Tuesday was a good day for Karl Rove's Crossroads GPS, the US Chamber of Commerce, and the other dark-money groups spending tens of millions to oust President Obama and elect Republicans in the 2012 elections. A federal court reversed a lower court decision from March compelling 501(c)4 nonprofit groups to reveal their donors if they run certain types of TV or radio advertisements close to Election Day—namely, issue ads that mention a candidate without urging viewers to vote for or against the candidate. From now until Election Day, dark-money groups—the bulk of which support conservative-leaning causes—can fund any type of ad they want without needing to name who's ponying up for those ads.
To paraphrase Vice President Joe Biden: This is a big effing deal. Conservative nonprofits are among the biggest spenders in the 2012 election cycle. ProPublica reported in mid-August that just two such groups—Crossroads GPS and the Americans for Prosperity—had pumped $60 million into presidential TV ads. At the time, that was more than all super-PACs combined. Indeed, for all the attention paid to super-PACs, dark-money nonprofits are the bigger political players; in the 2010 elections, nonprofits outspent super-PACs by a 3-to-2 margin, according to an analysis by the Center for Public Integrity and Center for Responsive Politics.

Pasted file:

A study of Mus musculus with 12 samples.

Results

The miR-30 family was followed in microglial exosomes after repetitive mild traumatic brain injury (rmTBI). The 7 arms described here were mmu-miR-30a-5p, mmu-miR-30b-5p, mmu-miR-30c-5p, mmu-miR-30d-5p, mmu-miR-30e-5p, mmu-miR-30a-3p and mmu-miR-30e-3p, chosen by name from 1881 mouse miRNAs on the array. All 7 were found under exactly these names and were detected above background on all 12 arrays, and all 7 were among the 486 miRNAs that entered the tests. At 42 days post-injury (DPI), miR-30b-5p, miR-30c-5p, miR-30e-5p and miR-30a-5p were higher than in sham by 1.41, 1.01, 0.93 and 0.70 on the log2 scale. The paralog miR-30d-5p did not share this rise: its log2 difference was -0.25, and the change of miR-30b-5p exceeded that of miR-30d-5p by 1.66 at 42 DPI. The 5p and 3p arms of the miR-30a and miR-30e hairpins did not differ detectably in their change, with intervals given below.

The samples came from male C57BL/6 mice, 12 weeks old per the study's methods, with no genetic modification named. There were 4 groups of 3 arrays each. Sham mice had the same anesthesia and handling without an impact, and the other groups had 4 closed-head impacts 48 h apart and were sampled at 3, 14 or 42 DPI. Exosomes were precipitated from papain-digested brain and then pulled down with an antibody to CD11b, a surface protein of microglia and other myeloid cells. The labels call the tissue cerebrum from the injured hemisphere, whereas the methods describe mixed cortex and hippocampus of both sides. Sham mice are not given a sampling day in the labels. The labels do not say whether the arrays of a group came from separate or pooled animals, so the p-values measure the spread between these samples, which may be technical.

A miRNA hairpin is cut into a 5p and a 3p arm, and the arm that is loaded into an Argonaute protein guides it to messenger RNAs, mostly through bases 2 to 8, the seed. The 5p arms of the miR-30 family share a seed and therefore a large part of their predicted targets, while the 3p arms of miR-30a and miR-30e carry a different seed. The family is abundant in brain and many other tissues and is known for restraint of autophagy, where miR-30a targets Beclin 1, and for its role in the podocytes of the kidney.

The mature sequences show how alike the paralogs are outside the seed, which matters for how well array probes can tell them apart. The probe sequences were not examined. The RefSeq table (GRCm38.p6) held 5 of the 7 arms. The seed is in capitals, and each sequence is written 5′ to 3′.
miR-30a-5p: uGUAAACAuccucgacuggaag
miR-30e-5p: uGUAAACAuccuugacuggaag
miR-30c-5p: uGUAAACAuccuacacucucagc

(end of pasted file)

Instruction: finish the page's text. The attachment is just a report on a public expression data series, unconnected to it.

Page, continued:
Tuesday's court ruling didn't completely rule out beefed-up disclosure for nonprofit groups, as the appeals court left the door open for the Federal Election Commission to revisit the disclosure rules. (That's unlikely, given the level of dysfunction over at the FEC.) But the decision dealt a stinging blow to pro-reform lawmakers and advocacy organizations that want the public to know who's funding dark-money outside groups. "The Court of Appeals' decision today will keep the American people, for the time being, in the dark about who is attempting to influence their vote with secret money," Rep. Chris Van Hollen (D-Md.), who brought the suit to shine a light on dark money, said in a statement.
The Center for Individual Freedom, a dark money-funded group that fights disclosure laws at the state and federal level, hailed the decision. "CFIF believes that the right to engage in political speech should not be needlessly conditioned upon the loss of anonymity," a CFIF attorney told the Los Angeles Times. CFIF was one of two groups that appealed a lower court decision this spring that forcing nonprofits to reveal certain donors.